Looking for love? Beware online dating scams
Thousands of us visit online dating websites every year, hoping to find a companion or even a soulmate. But today, on Valentine’s Day (Saturday 14 February 2015), Shropshire Council’s public protection team wants to warn you that criminals use these sites too, looking to turn the lonely and vulnerable into ‘fast money’ through a variety of scams.
These criminals — who also troll social media sites and chatrooms in search of romantic victims — usually claim to be Brits or Americans travelling or working abroad. In reality, they often live overseas. Their most common targets are women over 40, who are divorced, widowed, and/or with a disability, but every age group and demographic is at risk.
Here’s how the scam usually works. You’re contacted online by someone who appears interested in you. He or she may have a profile you can read or a picture that is emailed to you. For weeks, even months, you may chat back and forth with one another, forming a connection. You may even be sent flowers or other gifts. But ultimately, it’s going to happen — your new-found ‘friend’ is going to ask you for money.
So you send money: but rest assured the requests won’t stop there. There will be more hardships that only you can help alleviate with your financial gifts. He may also send you cheques to cash since he’s out of the country and can’t cash them himself, or he may ask you to forward him a package.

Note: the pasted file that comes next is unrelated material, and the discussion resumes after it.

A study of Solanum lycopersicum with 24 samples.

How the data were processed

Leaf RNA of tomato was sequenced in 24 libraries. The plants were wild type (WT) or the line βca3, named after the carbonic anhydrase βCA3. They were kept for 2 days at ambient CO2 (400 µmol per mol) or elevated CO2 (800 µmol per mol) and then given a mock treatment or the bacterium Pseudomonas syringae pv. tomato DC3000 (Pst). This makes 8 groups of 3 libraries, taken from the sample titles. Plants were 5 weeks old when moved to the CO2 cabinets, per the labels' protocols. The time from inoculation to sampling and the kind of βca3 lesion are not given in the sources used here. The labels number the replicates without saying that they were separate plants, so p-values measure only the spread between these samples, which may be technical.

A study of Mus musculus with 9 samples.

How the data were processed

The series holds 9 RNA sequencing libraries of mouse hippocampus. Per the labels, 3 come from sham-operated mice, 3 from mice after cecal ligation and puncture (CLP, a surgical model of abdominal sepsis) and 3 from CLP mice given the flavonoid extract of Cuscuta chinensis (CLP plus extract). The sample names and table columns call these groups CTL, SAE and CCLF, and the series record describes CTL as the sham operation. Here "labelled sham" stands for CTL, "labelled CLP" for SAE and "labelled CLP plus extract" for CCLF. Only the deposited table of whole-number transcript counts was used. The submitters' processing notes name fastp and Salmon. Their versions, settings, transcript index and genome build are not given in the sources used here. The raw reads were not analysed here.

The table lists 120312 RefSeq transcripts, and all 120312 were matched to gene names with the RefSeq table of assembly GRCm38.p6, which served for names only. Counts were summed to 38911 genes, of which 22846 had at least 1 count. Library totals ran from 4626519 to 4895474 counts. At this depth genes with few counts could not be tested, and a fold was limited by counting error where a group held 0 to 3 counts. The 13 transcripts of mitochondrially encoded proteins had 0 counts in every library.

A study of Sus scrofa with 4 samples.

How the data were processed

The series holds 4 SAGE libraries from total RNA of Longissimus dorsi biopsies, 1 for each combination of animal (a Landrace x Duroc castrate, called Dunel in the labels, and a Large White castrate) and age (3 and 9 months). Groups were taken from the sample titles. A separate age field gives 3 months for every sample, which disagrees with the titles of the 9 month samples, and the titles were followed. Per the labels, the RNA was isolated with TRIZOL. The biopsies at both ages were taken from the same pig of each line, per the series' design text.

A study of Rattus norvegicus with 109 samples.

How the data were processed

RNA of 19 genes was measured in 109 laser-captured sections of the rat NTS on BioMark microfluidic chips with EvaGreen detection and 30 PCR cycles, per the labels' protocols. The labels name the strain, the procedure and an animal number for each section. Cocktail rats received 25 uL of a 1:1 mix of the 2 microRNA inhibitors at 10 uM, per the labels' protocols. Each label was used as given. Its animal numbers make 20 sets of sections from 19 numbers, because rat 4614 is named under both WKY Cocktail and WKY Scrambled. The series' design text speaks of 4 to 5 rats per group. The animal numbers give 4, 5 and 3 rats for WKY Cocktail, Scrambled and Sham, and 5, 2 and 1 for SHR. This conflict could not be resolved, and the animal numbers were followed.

So what really happened? You were targeted by criminals, probably based on personal information you uploaded on dating or social media sites. The pictures you were sent were most likely phony, lifted from other websites. The profiles were fake as well, carefully crafted to match your interests.
In addition to losing your money to someone who had no intention of ever visiting you, you may also have unknowingly taken part in a money laundering scheme by cashing fake cheques and sending the money overseas, and by shipping stolen merchandise (the forwarded package).
Steve Charmley, Shropshire Council’s Cabinet member responsible for public protection, said:
“We strongly recommend that, if you think you’ve been victimised by a dating scam or any other online scam, file a complaint with the national fraud and Internet crime reporting centre, Action Fraud: www.actionfraud.police.uk.”
Here are some tips on how to avoid becoming a victim of an online dating scam.
Recognizing an online dating scam artist
Your online ‘date’ may only be interested in your money if he or she:
- Presses you to leave the dating website you met through, and to communicate using personal email or instant messaging
- Professes instant feelings of love
- Sends you a photograph of himself or herself that looks like something from a glamour magazine
- Claims to be from the UK and is travelling or working overseas
- Makes plans to visit you, but is then unable to do so because of a tragic event
- Asks for money for a variety of reasons (travel, medical emergencies, hotel bills, hospitals bills for a child or other relative, visas or other official documents, losses from a financial setback or crime victimisation).